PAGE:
Topographical maps, Topo for short, are maps that represent the shape and elevation of the earth using contour lines. Contour lines show how the ground rises or falls. With that short description out of the way. Let me start with saying that I love researching areas, pouring over topo maps in search of an elusive mature buck. I find that maps, and E-Scouting tools help unlock clues about where that elusive monster might be hiding. Whether you are new to an area, or just want to get better acquainted with one that you have been hunting for years. There are few better ways to do so than to get your hands on some topo maps. Using topo maps for whitetail deer is a great way to scout your next trophy.
When using a topo map in order to better hunt whitetail, there are a few different terrain features that you should be searching for. There are a few basic rules and principles of how deer use terrain. No matter where you might find yourself, you can apply some of these principles to find, pattern, and effectively hunt deer. As with E-Scouting, mark points of interest and then put your boots on the ground and see it in person.
Grunt, Snort-Wheeze, and Rattle this to your buddies!
This might seem obvious, but the better you know the terrain and its topography, the more familiar you will be with different deer patterns. This becomes especially important if you are hunting a new piece of land that you have never been to before. Sometimes you are not afforded the luxury of having a history in an area and having some experience with the local deer herds. This is where knowing the terrain and topography matter.
Using a few basic starting points, you can focus on key features of the land that are consistent no matter where you might find yourself hunting. That way you can quickly come up with a plan to hit the ground running. Let’s go over a few of these basic terrain and topography features that you can look for and utilize with your topo maps to help achieve even more success this hunting season!
There are a few different features that I will look for when picking apart a piece of land with a topo map. Deer will use certain features consistently, so if you can find these areas, you might just have a good spot!
One of the most productive whitetail deer activity terrain features is saddles. Saddles are natural pinch points that are created by the topography on a ridge or hill. It is basically a dip in a ridge or hill and allows a deer to pass through much easier, rather than climb the entire ridge itself. Deer will naturally prefer to travel on the path of least resistance in order to conserve energy. Saddles provide them a much easier way to cross. When you look at a topo map, saddles are easy to identify and find.
In the picture, the red arrow shows an example of a good saddle. The blue line represents the ridgeline, and as you can see, there is a small part that is lower and flatter than the rest. This is where the deer will mostly pass through.
Ridges are basically hills that run a fair distance. Deer will use ridgelines in order to travel but will not usually do so on top. Instead, check the sides of the ridge for trails. They do this in order to avoid being skylined on top of the ridge, but still being high enough to spot any predators. You might also find benches on the ridge sides, which are flat spots on either side of a ridge. Deer also love to use these areas to bed and to travel.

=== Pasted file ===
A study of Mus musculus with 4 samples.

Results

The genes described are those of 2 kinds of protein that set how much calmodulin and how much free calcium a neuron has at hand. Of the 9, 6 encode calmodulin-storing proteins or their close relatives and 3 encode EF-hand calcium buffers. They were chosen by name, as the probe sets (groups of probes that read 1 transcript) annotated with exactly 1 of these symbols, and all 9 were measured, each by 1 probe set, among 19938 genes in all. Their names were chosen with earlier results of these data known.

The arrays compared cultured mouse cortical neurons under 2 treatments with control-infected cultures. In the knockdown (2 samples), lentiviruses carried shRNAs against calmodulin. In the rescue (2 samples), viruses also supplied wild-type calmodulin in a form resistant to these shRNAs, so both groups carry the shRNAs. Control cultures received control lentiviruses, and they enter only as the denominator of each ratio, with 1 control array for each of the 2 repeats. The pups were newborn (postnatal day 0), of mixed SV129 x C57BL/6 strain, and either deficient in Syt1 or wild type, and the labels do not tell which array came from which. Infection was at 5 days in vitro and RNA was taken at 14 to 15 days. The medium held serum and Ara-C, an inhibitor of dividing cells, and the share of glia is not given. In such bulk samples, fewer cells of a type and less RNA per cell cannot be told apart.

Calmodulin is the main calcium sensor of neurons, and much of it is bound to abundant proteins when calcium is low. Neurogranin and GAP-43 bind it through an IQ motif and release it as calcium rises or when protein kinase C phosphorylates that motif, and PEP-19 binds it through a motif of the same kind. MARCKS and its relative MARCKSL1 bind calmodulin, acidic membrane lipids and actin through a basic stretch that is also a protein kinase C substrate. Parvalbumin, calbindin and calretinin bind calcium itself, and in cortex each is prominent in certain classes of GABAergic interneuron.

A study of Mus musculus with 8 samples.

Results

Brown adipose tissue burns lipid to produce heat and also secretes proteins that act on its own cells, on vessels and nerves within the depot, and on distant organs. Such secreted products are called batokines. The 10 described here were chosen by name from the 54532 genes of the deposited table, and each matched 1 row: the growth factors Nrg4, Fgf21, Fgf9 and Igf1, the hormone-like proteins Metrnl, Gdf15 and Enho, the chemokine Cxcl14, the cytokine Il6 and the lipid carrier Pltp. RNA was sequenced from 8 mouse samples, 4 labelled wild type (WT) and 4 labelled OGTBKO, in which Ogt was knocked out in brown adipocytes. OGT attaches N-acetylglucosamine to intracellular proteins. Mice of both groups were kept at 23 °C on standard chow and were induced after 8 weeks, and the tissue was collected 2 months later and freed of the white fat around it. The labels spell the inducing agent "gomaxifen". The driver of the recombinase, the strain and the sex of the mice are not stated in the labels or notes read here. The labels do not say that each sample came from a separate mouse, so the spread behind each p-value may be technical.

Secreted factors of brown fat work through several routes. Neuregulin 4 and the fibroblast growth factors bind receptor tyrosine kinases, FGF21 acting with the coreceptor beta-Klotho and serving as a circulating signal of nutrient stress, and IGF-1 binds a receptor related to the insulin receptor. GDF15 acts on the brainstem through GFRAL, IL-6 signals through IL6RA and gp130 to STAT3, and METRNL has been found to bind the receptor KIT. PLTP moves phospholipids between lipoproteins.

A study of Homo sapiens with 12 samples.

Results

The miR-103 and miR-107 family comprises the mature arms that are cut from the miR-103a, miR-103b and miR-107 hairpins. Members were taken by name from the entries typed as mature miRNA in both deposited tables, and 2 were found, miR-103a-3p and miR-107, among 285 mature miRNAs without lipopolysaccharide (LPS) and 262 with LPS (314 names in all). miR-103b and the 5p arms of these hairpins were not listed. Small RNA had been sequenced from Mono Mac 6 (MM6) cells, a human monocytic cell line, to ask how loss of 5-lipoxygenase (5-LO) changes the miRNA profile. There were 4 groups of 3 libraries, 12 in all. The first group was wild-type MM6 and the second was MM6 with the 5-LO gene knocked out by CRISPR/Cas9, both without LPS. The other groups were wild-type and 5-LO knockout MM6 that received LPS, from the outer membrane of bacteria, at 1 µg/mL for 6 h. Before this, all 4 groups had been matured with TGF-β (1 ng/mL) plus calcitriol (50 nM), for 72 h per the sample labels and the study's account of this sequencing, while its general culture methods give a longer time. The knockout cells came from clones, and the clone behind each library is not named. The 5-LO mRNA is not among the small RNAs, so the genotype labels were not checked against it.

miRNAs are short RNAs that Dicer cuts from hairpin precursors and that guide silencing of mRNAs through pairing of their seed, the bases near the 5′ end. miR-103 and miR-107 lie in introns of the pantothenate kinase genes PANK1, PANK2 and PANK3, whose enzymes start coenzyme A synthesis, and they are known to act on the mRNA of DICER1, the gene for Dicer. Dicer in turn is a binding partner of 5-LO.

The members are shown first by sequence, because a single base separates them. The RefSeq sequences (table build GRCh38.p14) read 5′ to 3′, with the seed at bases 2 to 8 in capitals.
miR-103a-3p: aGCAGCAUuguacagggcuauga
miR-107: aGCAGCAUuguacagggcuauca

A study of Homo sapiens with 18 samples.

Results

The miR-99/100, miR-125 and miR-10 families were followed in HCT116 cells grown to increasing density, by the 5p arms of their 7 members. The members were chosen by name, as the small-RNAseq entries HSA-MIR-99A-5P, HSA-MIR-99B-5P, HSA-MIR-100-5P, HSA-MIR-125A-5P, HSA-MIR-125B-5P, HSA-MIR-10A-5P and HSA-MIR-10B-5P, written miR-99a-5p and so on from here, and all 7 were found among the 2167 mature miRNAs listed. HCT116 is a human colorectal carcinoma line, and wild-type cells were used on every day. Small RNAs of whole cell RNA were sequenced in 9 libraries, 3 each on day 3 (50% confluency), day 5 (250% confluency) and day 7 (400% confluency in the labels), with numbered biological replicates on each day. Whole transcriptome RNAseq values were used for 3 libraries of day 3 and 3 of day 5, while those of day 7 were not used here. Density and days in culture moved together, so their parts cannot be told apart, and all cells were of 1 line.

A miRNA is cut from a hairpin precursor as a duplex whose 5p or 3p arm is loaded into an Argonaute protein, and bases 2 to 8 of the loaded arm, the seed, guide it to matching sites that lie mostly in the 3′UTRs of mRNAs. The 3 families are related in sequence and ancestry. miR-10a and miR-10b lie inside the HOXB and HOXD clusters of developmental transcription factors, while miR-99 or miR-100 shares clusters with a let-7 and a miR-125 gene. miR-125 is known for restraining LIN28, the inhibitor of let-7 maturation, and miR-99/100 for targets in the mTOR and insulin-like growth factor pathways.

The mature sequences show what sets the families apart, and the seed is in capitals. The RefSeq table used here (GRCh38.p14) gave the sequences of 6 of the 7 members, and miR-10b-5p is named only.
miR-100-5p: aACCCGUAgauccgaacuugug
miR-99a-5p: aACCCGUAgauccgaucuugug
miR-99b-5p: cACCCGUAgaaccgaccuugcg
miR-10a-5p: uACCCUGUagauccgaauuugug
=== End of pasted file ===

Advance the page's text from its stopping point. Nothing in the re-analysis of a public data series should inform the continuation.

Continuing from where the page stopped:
In the picture you can see a basic ridge running north to south. Some ridges can stretch on for quite some length, while others are shorter.
There are certain points that come off a ridge or hill that can also create a natural funnel for deer. Deer use ridge points in a lot of ways, such as using them to bed on. They will usually bed on a point with the wind at their back, looking downhill in order to watch for potential predators. Points will also usually connect a network of trails, especially before heading downhill. These intersections can be great areas to hunt, as they usually see a lot of deer traffic. Points are generally very easy to find coming from ridges on a topo map. In open terrain, these points could also be used to gain an elevated vantage point and glass from the top.
In the picture you sill see a ridge (represented by the blue line) and coming from it a small point (red arrow). This is a great spot to inspect in person, as there could be several trails off this point.
While not technically a topography feature and more of a terrain feature, one of the biggest natural funnels you can find is created by trees, bushes, tall grass, or other brush that pinches down to a narrow point, or funnel. Deer, especially big bucks, prefer to move through cover whenever possible and avoid being out in the wide open. If you can find this type of funnel, there is sure to be some deer moving through this pinch point. If you are using a hybrid topography system (such as Onx Maps) you can not only see the topography but the terrain as well.
Deer will move through this property following the cover (blue line), so the smallest section of cover will provide a natural pinch point (red arrow).
Once you have keyed in on a few of these different topography features. You can start to get a better understanding of how the local deer might be using and moving around the area. It can’t be said enough, mark your points of interest and get out and put your boots on the ground and confirm. I prefer to use every tool at my disposal when chasing an elusive mature buck. Topo maps are a tool that the whitetail deer hunter can use to be successful in harvesting a trophy in the fall.